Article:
Today we have reached a major milestone for Home Assistant Analytics: 100,000 users have opted in to be included!
This is a big deal because it’s not enabled by default, users have to opt-in, and we only launched Home Assistant Analytics last April. We promoted it in the release blog post and during live streams, but have never nagged existing users in the interface. New users did get asked to opt-in as part of onboarding.
The 100,000 installations are not the total number of Home Assistant users. The truth here is that we don’t know the total number of installations because Home Assistant is private by design. Our estimate is that there are 4-5x more installations than people that opt-in to analytics.
For the latest version of the graphs in this post, visit Home Assistant Analytics
It’s good to start off with why we allow users to opt-in to share some data with us.
Manufacturers of IoT products live in their own world in which we have little presence. We don’t have stands at CES or other trade shows. Instead, manufacturers see we’re open source and assume it’s a small user base. They assume the ability to integrate with Home Assistant and other platforms is not profitable enough to allocate resources to add the necessary APIs to integrate.
With the data collected by Home Assistant Analytics, we can show that providing an API can expand their market around the globe.
Screenshot of analytics during Home Assistant onboarding
The collected data is also used to give us, the Home Assistant developers, insight into how Home Assistant is installed and what we should improve. As you can see in our installation breakdown, the operating system installation type is by far the most popular. This makes sense because it is our recommended installation type and the easiest to use. It gives the full Home Assistant experience and can be fully managed via the user interface. No text editors, Linux experience, or computer science degree necessary.
The board breakdown below only applies to the operating system installation type. The Raspberry Pi family of devices is by far the most popular way of running Home Assistant, followed by running it in a virtual machine. Running Home Assistant in a virtual machine is popular because it is our recommended approach for people that already have a server at home.
We have spent a lot of time making sure that it is easy to update both Home Assistant Core and Home Assistant Operating System. Ease of updates is important because when critical bugs or security issues arise, users should feel confident to hit the update button.
Home Assistant can be updated using a single click in the interface and will automatically roll back if the update fails or the system fails to come online afterward. This gives our users the confidence to update and we see this reflected in the speed at which our users update when a new monthly release drops:
It’s our goal to make the privacy focused smart home a viable option for everyone, everywhere. That’s why Home Assistant is free and open source, translated into 60 different languages and why we integrate with products from around the world, not just the ones that are big enough to come to America or Europe.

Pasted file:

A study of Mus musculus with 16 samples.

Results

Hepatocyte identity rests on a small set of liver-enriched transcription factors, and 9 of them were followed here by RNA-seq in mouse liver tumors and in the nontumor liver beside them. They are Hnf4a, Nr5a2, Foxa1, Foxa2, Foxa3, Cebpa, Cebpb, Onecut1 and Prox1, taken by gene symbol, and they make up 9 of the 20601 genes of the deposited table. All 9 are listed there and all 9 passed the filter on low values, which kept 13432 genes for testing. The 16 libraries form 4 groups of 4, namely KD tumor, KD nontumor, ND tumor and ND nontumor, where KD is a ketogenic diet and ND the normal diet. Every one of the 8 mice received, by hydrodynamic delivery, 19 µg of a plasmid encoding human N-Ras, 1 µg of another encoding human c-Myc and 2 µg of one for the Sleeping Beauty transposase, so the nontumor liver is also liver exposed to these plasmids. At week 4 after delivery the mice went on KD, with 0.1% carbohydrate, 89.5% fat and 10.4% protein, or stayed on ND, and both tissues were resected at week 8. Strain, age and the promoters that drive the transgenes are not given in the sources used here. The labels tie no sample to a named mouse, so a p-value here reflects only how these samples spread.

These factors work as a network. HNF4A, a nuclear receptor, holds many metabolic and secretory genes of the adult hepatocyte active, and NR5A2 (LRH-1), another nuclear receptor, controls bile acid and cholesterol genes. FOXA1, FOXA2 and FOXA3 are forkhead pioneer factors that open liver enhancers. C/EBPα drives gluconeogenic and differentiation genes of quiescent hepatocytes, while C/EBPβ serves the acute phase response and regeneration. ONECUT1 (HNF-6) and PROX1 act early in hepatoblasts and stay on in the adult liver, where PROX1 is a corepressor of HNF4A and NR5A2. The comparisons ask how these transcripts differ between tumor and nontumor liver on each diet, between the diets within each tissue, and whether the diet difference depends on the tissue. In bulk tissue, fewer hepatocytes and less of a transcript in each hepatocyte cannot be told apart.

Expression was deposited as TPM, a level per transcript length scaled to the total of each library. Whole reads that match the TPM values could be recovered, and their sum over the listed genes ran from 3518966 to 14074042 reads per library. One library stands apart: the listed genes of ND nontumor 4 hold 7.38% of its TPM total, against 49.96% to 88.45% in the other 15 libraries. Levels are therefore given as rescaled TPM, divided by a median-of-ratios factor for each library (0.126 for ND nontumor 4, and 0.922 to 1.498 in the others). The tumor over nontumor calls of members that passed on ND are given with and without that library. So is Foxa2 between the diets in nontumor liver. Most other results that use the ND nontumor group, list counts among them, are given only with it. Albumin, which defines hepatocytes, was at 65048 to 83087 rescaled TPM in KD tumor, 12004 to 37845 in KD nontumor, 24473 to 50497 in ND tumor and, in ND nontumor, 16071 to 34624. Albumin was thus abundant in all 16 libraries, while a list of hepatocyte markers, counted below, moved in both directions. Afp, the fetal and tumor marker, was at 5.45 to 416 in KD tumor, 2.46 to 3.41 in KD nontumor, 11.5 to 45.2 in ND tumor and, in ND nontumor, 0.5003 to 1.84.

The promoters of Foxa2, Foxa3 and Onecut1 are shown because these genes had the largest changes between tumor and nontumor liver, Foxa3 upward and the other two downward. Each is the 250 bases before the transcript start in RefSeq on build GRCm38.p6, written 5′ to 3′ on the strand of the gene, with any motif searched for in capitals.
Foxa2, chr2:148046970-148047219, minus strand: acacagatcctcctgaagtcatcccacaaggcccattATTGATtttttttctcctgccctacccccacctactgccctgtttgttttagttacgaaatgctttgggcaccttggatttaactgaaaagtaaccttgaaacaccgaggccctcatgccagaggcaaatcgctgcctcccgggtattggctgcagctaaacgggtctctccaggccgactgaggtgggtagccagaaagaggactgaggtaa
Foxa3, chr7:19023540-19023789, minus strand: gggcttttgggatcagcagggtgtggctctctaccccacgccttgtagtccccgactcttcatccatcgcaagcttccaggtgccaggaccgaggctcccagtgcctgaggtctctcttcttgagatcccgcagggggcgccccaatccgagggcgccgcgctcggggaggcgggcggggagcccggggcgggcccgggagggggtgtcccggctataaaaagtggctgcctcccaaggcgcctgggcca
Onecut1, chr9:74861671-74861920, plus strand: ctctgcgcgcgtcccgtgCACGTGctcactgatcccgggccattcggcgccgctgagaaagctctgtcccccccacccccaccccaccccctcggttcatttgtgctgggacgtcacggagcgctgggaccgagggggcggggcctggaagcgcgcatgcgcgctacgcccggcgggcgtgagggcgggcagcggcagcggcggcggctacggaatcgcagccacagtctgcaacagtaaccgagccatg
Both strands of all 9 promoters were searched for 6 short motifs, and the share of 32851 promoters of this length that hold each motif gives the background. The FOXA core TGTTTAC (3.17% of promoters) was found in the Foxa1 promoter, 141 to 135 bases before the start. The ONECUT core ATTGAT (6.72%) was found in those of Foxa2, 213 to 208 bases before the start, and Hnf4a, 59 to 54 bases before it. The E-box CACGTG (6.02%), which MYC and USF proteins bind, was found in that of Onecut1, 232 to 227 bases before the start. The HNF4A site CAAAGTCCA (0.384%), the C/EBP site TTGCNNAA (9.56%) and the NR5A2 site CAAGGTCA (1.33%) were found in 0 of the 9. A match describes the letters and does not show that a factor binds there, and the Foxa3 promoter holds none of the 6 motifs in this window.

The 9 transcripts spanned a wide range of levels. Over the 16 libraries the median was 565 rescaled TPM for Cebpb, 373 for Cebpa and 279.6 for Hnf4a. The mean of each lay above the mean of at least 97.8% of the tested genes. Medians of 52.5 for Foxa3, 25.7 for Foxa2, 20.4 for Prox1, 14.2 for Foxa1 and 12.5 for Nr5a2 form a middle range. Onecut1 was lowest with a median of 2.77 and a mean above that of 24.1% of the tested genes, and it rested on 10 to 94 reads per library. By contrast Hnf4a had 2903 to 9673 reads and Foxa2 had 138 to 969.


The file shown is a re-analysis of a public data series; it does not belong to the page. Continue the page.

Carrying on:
As you can see on our map we have a global reach. Some countries only see a few users, like the country of Nepal having 13 installations. However, with open source all we need is 1 contributor to help translate our user interface into their native language and make it more accessible for speakers of that language. To learn more about helping translating Home Assistant, check the documentation.
There are multiple levels of analytics that users can opt-in to. The basic level is how you run Home Assistant but you can also share what integrations you use.
This data is integrated into the Home Assistant website when users navigate the various integrations. It sometimes highlights certain integrations that serve their purpose but don’t have a big audience, like the integration for the Dublin bus schedule:
However, more interesting is of course the most popular integrations. I’m always surprised how high MQTT is on this list and very happy to see ESPHome doing so well.
|1||FFmpeg||35151 (43.5 %)|
|2||Google Cast||33252 (41.2 %)|
|3||MQTT||30338 (37.5 %)|
|4||UPnP/IGD||22771 (28.2 %)|
|5||Google Assistant||16422 (20.3 %)|
|6||ESPHome||14315 (17.7 %)|
|7||HomeKit||13705 (17.0 %)|
|8||Philips Hue||12592 (15.6 %)|
|9||System Monitor||12110 (15.0 %)|
|10||Spotify||11533 (14.3 %)|
For the full list, see Home Assistant Analytics.
We see that integrations that offer automated discovery do very well. This makes sense because once discovered we’ll prompt the user to set them up:
Screenshot of setting up integrations during Home Assistant onboarding
It is also possible to share some basic statistics about your installation like how many states and users you have.
- Average number of automations: 24
- Average number of integrations: 74
- Average number of installed add-ons: 7.01
- Average number of entities: 204
- Average number of users: 1.87
It’s impressive to see the high number of integrations and entities that are being used in Home Assistant. Our users sure love automating their homes!
If you haven’t yet, please opt-in to Home Assistant Analytics by clicking the button below to help us and manufacturers better understand our impact.